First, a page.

Monday, September 25, 2023

(CN) - Former South Carolina Gov. Mark Sanford, now engaged in a special election campaign for Congress, trespassed on his ex-wife's property, Jenny Sanford claims in court.

Jenny Sanford filed a complaint in Charleston County Family Court on Feb. 4, claiming she confronted the former governor at her home the previous day, finding him using his cellphone as a flashlight.

The Sanfords went through a very public divorce in 2009, after then-Gov. Sanford disappeared from the state and returned to reveal that he had been having an affair with an Argentine woman who is now his fiancee.

He is now in the general election phase of a campaign to determine who will replace former Congressman Tim Scott, who left the post late last year to replace retiring Jim DeMint in the U.S. Senate. Sanford's opponent in the race is Democrat Elizabeth Colbert-Busch, an administrator with Clemson University's Restoration Institute and sister of comedian Stephen Colbert.

Balloting in South Carolina's First Congressional district is set for May 7. Colbert-Busch has declined to comment on the matter.

In the complaint, Jenny Sanford says her ex-husband "has entered into a pattern of entering onto [her] property, both at her former and current residences, without her permission and against her wishes."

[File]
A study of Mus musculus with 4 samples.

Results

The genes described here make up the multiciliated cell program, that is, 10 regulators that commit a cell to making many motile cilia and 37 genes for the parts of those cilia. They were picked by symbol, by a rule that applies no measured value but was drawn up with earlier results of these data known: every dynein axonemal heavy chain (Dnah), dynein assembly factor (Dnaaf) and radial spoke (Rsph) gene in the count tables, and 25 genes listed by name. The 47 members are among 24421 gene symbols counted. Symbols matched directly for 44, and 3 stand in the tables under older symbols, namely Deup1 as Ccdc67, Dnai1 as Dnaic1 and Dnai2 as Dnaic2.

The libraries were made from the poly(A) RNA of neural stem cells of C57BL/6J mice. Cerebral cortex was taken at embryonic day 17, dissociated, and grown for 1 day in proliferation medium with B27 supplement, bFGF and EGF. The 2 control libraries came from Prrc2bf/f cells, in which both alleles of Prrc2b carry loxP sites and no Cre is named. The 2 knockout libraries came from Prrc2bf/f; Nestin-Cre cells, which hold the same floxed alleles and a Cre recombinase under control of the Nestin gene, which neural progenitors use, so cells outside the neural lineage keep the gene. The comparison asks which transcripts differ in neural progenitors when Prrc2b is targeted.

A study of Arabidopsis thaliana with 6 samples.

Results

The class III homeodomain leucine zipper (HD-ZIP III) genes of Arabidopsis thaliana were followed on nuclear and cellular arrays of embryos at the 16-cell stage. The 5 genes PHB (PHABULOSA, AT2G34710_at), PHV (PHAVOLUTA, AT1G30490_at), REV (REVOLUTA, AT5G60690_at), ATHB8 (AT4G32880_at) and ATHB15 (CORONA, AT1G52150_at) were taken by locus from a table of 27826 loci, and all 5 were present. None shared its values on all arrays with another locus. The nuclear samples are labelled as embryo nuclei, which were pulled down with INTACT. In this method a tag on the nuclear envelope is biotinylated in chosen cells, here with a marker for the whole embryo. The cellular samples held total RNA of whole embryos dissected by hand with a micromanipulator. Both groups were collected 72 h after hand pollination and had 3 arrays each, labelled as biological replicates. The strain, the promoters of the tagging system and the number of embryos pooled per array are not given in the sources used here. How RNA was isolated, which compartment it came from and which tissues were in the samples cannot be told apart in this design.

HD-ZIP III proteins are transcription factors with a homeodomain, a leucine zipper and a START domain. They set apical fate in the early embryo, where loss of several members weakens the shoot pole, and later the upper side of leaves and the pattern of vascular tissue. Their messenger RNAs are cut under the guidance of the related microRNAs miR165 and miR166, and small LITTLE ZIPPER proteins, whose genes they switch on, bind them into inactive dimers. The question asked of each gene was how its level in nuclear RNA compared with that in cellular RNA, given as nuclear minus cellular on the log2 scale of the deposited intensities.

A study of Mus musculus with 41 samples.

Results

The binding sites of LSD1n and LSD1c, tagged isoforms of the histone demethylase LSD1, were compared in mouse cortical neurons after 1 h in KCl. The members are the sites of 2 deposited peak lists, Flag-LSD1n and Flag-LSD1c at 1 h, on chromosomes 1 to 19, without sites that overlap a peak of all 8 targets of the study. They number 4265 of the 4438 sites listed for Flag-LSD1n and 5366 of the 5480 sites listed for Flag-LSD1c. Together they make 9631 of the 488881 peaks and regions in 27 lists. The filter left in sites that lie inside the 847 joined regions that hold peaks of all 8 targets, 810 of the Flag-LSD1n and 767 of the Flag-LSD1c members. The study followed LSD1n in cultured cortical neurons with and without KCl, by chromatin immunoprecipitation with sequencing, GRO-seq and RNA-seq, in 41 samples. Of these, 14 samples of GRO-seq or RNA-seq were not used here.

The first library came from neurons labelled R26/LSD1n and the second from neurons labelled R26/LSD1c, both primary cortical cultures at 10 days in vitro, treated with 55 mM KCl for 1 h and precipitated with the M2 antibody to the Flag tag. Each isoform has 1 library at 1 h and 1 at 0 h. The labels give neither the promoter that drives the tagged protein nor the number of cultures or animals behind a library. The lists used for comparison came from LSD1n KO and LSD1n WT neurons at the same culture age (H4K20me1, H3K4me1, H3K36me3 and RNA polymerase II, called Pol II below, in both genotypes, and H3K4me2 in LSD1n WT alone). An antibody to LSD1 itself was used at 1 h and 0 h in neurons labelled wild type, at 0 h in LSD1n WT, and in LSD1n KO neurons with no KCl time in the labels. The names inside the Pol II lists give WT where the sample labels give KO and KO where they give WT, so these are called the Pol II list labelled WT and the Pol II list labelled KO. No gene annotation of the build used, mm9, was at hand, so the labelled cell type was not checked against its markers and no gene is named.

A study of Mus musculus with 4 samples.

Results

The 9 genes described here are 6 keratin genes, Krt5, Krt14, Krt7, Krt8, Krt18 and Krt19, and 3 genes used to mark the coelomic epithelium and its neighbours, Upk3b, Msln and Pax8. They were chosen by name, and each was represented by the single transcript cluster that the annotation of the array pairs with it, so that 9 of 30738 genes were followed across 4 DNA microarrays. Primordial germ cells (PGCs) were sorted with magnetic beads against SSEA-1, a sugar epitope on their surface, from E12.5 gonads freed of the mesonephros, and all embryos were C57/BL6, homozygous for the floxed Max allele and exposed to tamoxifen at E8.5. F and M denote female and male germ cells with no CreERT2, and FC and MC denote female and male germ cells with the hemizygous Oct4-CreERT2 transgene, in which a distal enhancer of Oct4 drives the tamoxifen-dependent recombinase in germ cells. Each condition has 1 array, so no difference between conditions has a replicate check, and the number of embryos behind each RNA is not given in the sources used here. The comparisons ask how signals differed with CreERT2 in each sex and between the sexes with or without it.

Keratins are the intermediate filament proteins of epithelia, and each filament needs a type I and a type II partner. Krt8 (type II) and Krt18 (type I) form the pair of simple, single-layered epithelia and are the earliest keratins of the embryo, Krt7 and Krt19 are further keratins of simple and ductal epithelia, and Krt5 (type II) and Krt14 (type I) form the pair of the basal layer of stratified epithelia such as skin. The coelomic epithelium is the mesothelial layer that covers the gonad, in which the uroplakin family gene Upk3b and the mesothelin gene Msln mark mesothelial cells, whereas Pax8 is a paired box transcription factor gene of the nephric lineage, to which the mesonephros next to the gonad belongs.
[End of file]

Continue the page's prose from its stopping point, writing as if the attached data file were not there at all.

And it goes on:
"Plaintiff has informed defendant on a number of occasions that this behavior is in violation of the court's order, and has demanded that it not occur again," the complaint states. "She has additionally filed a 'no trespass' letter with her local police department. Defendant has acknowledged plaintiff's wishes and, on a number of occasion, has agreed not to again violate this provision of the order."

Jenny Sanford wants her ex-husband held in contempt of court for failing to comply with the divorce order and asks that he be "punished accordingly."

She is seeks court costs and attorney's fees.

Mark Sanford told reporters Wednesday that he did inadvertently violate the terms of the divorce settlement, to watch the Super Bowl with his son.

"It's an unfortunate reality that divorced couples sometimes have disagreements that spill over into family court," he said. "I did, indeed, watch the second half of the Super Bowl at the beach house with our 14-year-old son because as a father, I didn't think he should watch it alone."

Sanford said he tried to reach his wife beforehand, but was unable to do so. He said when she arrived home he met her at the back steps of the house, using the light of his cellphone to illuminate the conversation.

He said the complaint was supposed to be sealed, so he would make no further comment on the matter.